The Independent Police Complaints Commission blamed ``inadequate resources'' at Merseyside Police for the ``poor management'' of registered sex offender Peter Chapman, who murdered Ashleigh Hall in October 2009.
Chapman, whom the force was supposed to be monitoring when he committed the murder, befriended Ashleigh on the social networking site while posing as a fictitious ``good-looking'' 19-year-old boy called Peter Cartwright.
After becoming her Facebook friend and chatting on other social networking sites, he arranged to meet her on the evening of October 25 and went on to kidnap, rape and strangle the childcare student, later found dumped in a farmer's field.
The IPCC said staffing levels in the Knowsley sex offender unit, which was in charge of monitoring Chapman, meant effective management of offenders was ``impossible''.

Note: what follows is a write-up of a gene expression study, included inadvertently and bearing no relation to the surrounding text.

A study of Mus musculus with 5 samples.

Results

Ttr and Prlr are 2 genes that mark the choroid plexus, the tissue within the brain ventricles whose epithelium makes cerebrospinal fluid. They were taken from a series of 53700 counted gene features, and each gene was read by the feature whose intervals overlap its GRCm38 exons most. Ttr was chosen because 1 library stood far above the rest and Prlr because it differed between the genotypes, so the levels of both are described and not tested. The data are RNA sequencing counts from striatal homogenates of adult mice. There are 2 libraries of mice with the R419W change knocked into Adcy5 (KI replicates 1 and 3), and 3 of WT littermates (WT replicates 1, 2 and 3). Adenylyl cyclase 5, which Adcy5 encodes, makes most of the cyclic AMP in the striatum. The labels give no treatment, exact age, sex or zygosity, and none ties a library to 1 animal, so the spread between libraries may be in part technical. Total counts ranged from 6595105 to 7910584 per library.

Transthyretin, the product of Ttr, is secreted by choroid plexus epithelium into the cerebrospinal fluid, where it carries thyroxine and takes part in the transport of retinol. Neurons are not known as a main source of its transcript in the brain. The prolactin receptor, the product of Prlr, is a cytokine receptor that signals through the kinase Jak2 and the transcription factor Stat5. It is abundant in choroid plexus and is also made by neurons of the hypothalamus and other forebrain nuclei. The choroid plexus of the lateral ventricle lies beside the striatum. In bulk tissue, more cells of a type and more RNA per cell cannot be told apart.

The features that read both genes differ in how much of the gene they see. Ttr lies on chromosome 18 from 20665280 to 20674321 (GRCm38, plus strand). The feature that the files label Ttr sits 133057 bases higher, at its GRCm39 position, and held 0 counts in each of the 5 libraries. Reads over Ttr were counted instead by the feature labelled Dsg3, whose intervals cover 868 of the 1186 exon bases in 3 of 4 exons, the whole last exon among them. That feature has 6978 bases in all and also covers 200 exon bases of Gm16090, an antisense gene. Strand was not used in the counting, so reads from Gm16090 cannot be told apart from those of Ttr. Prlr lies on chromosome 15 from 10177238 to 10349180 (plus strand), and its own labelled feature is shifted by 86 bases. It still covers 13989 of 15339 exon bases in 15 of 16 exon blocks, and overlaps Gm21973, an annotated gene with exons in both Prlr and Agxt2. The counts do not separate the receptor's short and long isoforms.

The report revealed that the unit was being run by a single female police constable, who was in charge of monitoring more than 60 sex offenders and was making visits alone in her own car due to a lack of resources.
The investigation also found that she had received no appropriate training in the management of sex offenders.
IPCC Commissioner Naseem Malik said: ``It is evident from our investigation that this particular sex offender unit was inadequately resourced and as a result the officer tasked with managing sex offenders in the community had an impossible task. Chapman was not monitored effectively and managed to slip away, with terrible consequences.''
She added: ``For it to take a year for him to be apprehended was unacceptable. The slow response understandably prompts concern among the public.''
Chapman was jailed for life in March last year after admitting the kidnap, rape and murder of Ashleigh.